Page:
Freee at Wysing

For their new commission at Wysing, the Freee art collective took generosity as exemplified not in acts of charity but in those divisive acts that make us vulnerable to public scrutiny such as taking a stand, saying what you believe and going public. There is nothing more generous than sticking your neck out and giving your opinion, especially when it is an unpopular opinion.

With this in mind Freee scripted an elaborate series of ceremonies to be acted out on the streets of Cambridge in which the artists and a select group of invited ‘witnesses’ renamed a selection of the city’s streets along a route from the Court to Kings College.

Revolution Road: Rename the Streets! temporarily occupies the streets of Cambridge with the names, anecdotes and legacy of those 18th century activists who were inspired by the French Revolution to engage in radical political movements in the UK. Following the complex, detailed account of this period of Jacobin radicalism by E.P. Thompson in his book ‘The Making of the English Working Class’, Freee retell the stories of Richard Parker, the unwilling ‘Admiral’ of the ‘Floating Republic’ of the Nore, Daniel Isaac Eaton, one of London’s leading radical publishers during the 1790s who endured a sequence of trials in 1793 and 1794, on charges of publishing seditious libels, and Richard Fuller who was apprehended and condemned to death for giving an inflammatory address to a member of the Coldstream Guards in 1797.

The renaming ceremonies, which took place in one day in August, took the form of an unconventional tour through residential, educational, retail and civic areas, with musical instruments being played along the way and all participants wearing homemade ‘liberty caps’.

The script divided the participants into ‘chalk-holders’ and ‘witnesses’, the former responsible for writing the new names of the places on a blackboard held near to the existing place name; the latter responsible for acknowledging the renaming and proclaiming their assent to the new name in a spoken exchange amounting to a secular christening.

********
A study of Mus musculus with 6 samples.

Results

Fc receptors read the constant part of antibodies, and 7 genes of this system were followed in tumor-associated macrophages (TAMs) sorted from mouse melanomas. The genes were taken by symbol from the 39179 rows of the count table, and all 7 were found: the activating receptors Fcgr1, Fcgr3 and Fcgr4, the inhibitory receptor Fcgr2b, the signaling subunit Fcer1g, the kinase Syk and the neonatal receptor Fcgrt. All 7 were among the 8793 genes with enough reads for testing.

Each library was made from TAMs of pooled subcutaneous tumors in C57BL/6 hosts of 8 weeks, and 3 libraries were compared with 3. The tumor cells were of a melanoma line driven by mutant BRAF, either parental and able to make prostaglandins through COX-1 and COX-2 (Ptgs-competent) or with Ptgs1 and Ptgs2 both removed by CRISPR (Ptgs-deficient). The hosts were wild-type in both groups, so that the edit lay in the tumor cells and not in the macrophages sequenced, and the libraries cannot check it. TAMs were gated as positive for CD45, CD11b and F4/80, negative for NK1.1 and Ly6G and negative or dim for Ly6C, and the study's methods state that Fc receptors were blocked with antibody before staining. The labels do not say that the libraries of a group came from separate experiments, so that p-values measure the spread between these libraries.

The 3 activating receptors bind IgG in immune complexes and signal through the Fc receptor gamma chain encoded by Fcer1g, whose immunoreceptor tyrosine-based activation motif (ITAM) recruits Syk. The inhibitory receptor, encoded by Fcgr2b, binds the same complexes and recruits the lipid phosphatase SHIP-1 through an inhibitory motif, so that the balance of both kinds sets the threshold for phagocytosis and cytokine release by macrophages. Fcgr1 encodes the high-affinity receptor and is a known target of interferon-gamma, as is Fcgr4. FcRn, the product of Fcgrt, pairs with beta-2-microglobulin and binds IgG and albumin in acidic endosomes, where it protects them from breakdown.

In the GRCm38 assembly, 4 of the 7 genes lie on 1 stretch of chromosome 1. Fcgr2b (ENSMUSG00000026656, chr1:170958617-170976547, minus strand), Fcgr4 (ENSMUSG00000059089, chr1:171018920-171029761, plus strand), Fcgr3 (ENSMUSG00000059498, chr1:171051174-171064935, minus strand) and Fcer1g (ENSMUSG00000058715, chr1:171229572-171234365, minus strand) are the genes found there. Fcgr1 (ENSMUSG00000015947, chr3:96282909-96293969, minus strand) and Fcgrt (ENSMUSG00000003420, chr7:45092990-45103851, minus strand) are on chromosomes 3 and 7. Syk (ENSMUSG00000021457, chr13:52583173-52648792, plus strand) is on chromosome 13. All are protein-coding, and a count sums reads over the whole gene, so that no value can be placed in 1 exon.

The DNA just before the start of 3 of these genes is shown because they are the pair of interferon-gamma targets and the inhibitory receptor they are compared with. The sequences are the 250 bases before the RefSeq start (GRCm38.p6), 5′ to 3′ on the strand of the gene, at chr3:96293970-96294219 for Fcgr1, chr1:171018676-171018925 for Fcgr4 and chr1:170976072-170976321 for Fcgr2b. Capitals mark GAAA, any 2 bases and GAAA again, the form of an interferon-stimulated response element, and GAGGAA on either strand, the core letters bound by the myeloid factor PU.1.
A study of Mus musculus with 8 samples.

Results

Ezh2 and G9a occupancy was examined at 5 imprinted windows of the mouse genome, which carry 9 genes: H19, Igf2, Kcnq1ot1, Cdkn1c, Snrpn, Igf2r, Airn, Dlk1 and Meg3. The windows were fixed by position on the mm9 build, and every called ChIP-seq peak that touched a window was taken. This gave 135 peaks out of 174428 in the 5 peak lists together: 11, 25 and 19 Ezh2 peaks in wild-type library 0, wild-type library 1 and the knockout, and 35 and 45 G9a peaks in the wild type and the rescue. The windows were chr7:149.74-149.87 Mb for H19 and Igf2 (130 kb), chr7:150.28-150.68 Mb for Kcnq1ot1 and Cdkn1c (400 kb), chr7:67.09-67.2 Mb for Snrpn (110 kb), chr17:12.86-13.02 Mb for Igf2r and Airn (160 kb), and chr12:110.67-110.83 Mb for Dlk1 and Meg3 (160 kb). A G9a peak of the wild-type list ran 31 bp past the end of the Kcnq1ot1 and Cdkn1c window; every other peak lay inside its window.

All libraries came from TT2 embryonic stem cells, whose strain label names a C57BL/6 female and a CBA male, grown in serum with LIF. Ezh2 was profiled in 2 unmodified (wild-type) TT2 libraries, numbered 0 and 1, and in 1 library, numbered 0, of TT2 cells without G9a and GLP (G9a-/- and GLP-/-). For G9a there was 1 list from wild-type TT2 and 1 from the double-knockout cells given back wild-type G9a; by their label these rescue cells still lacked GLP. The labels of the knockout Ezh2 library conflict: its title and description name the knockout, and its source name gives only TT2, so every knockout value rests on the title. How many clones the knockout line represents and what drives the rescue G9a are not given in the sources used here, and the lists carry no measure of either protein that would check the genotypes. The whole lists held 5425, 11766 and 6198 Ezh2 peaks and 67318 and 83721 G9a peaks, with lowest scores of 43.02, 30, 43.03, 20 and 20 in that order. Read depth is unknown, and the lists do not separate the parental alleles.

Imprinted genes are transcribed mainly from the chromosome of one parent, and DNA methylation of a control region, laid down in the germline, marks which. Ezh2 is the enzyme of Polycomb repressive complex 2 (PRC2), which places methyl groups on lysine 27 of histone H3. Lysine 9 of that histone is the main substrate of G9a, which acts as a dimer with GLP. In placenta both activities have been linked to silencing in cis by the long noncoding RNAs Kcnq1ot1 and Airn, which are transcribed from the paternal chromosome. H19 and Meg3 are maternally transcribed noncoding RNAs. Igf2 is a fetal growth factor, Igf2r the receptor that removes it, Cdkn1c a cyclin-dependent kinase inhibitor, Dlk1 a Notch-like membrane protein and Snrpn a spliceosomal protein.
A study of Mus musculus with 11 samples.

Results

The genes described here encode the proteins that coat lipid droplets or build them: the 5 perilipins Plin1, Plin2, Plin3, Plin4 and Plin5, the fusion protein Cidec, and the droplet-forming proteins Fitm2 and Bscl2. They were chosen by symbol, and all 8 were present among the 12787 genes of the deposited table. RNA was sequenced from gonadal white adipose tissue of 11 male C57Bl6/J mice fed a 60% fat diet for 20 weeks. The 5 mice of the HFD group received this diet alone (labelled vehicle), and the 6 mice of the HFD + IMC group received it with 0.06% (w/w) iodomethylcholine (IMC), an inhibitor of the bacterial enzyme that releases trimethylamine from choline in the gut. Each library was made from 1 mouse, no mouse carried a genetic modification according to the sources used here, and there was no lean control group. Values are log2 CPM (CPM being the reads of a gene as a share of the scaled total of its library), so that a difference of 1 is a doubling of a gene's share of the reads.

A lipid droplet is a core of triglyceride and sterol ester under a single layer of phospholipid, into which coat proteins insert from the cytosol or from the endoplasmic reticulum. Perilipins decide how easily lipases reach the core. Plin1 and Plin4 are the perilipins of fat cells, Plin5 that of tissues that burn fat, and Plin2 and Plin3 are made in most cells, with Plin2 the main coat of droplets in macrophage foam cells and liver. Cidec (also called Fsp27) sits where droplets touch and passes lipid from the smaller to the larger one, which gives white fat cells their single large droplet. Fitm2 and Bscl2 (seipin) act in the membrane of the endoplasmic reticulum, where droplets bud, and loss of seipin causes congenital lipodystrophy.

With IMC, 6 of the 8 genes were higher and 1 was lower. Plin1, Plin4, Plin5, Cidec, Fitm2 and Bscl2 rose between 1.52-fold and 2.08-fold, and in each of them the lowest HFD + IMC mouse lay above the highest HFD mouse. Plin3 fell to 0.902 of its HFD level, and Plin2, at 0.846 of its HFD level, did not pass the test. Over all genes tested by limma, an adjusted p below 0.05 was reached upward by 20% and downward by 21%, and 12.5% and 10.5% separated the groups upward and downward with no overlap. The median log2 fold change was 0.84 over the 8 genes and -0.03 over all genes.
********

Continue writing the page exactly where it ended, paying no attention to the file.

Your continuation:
The witnesses played an absolutely central role in the performance. Not merely its audience or its participants in the ordinary sense, the witnesses had a similar function to godparents at a christening or witnesses at a wedding ceremony. The fact that there was no physical or permanent alteration of the street names (the renaming was performed – primarily through acts of writing and speaking), it was essential that the acts were remembered, seen and ratified by ‘witnesses’. In this respect, the video and photographic documentation of the ceremonies becomes an extension of the role of the witnesses.

By inviting Wysing staff to be the witnesses for Revolution Road and embodying their difference from mere passersby by supplying them with red ‘liberty caps’, Freee create a mini, temporary counterpublic in honour of arguably the first fully-fledged counter-public sphere in British history. Radical Jacobin groups such as the London Corresponding Society offer a blueprint for this kind of gathering, fired up with illegitimate political goals and cemented by ceremonial and costume.

Revolution Road: Rename the Streets! is made public (for a second time), in the form of two billboard prints, one on the wall of the gallery the other on the wall of the reception area, and a video documenting all of the renaming ceremonies. A pamphlet containing the entire script will also be available for free during the exhibition.